Wednesday, 21 August 2013


Thrilled to discover a silver-washed fritillary feeding on the buddleia in the car park on Tuesday 20th and again on Wednesday 21st. Members of the weekly health walk had been watching this unfamiliar butterfly and had asked me to have a look at it. I quickly grabbed my camera to record the first ever sighting on Mersea Island of this large member of the fritillary family. The butterfly was in a very poor condition and was very tatty around the edges.

The markings suggest a male with the black scent markings along some of the veins on the upperwing. The brown hairs on the body appear to have worn away to a greeny-yellow colour.

The underside is very faded although the faint silvery- white colouring can just be made out on the hindwing.
The butterfly seemed quite attracted to the buddleia and was often disturbed by people walking past it, often flying away a short distance but always returning to feed.

The silver-washed fritillary has been expanding its range across Essex in recent years with individuals turning up in woodlands and other locations too. They breed usually in oak woodlands where the dog violet plants grow which the young caterpillars feed on. This individual won't be staying to breed on Mersea Island as there's no suitable habitat for it.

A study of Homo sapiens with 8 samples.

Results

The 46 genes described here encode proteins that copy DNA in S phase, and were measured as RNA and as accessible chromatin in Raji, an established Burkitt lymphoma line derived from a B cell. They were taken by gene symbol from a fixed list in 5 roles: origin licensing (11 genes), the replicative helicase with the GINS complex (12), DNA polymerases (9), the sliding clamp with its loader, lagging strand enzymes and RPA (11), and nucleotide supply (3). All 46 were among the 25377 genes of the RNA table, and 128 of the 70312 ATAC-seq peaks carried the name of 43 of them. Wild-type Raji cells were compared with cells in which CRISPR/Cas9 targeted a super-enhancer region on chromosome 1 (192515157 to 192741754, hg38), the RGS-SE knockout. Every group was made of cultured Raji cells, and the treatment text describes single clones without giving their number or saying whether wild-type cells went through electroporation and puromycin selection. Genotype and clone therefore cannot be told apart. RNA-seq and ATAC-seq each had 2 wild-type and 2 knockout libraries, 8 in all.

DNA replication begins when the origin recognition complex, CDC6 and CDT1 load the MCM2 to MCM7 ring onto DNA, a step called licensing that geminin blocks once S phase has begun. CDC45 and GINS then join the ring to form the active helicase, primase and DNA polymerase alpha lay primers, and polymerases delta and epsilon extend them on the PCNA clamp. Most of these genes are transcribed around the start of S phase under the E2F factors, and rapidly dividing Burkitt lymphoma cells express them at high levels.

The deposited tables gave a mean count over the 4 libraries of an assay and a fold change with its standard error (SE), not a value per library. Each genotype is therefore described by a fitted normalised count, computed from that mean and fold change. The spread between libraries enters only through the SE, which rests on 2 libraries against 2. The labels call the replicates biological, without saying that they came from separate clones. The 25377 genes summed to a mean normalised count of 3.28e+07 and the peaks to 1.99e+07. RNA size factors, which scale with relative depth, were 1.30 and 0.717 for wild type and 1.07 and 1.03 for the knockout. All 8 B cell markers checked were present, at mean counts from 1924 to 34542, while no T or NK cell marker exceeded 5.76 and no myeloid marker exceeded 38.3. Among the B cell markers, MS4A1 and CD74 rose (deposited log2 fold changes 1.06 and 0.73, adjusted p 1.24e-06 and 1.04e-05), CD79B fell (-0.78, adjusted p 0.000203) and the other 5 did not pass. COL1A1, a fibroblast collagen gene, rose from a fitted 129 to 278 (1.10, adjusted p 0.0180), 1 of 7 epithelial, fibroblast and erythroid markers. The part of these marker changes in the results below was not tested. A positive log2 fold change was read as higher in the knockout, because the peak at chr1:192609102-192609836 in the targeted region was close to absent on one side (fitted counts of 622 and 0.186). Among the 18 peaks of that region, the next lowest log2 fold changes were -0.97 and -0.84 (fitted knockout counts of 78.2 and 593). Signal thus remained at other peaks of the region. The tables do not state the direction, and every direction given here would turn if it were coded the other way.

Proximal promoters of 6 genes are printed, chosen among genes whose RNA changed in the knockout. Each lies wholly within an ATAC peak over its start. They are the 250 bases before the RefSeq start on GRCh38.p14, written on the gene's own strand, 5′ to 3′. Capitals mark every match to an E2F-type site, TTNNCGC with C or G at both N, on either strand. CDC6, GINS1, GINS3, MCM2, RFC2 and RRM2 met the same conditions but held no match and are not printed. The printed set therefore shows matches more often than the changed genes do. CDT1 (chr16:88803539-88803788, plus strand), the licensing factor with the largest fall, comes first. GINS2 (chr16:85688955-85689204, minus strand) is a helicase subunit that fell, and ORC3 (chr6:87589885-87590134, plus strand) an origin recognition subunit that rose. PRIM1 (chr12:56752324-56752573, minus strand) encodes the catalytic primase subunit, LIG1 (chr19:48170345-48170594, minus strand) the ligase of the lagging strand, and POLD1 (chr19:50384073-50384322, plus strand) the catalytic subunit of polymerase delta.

The buddleia bushes by the hide had a nice selection of butterflies on it with 10 small tortoiseshells, 5 peacocks and a red admiral along with a few meadow browns and a few whites too. A purple hairstreak was above some oaks along the park horseride on Wednesday.

Andy Field logged the first hummingbird hawkmoth for the Island this year, on his plumbago plant in his West Mersea garden on Tuesday afternoon.
An adder was basking at the park on Tuesday early evening.

A little ringed plover was found on the mud on the pools in the park's grazing fields on Tuesday afternoon. It was still present on Wednesday too, often feeding close to the roosting redshank and black-tailed godwits pictured above. This is the first record in these grazing fields of a little ringed plover, bringing the total of different wader species seen in the grazing fields over the last twenty years to a very respectable 28 species.

There was also a record high tide roost count of 29 little egrets in the trees behind the park pond, seen by Andy Field on Wednesday. Three yellow wagtails flew off the fields on Tuesday and five snipe and 20 lapwing were seen too.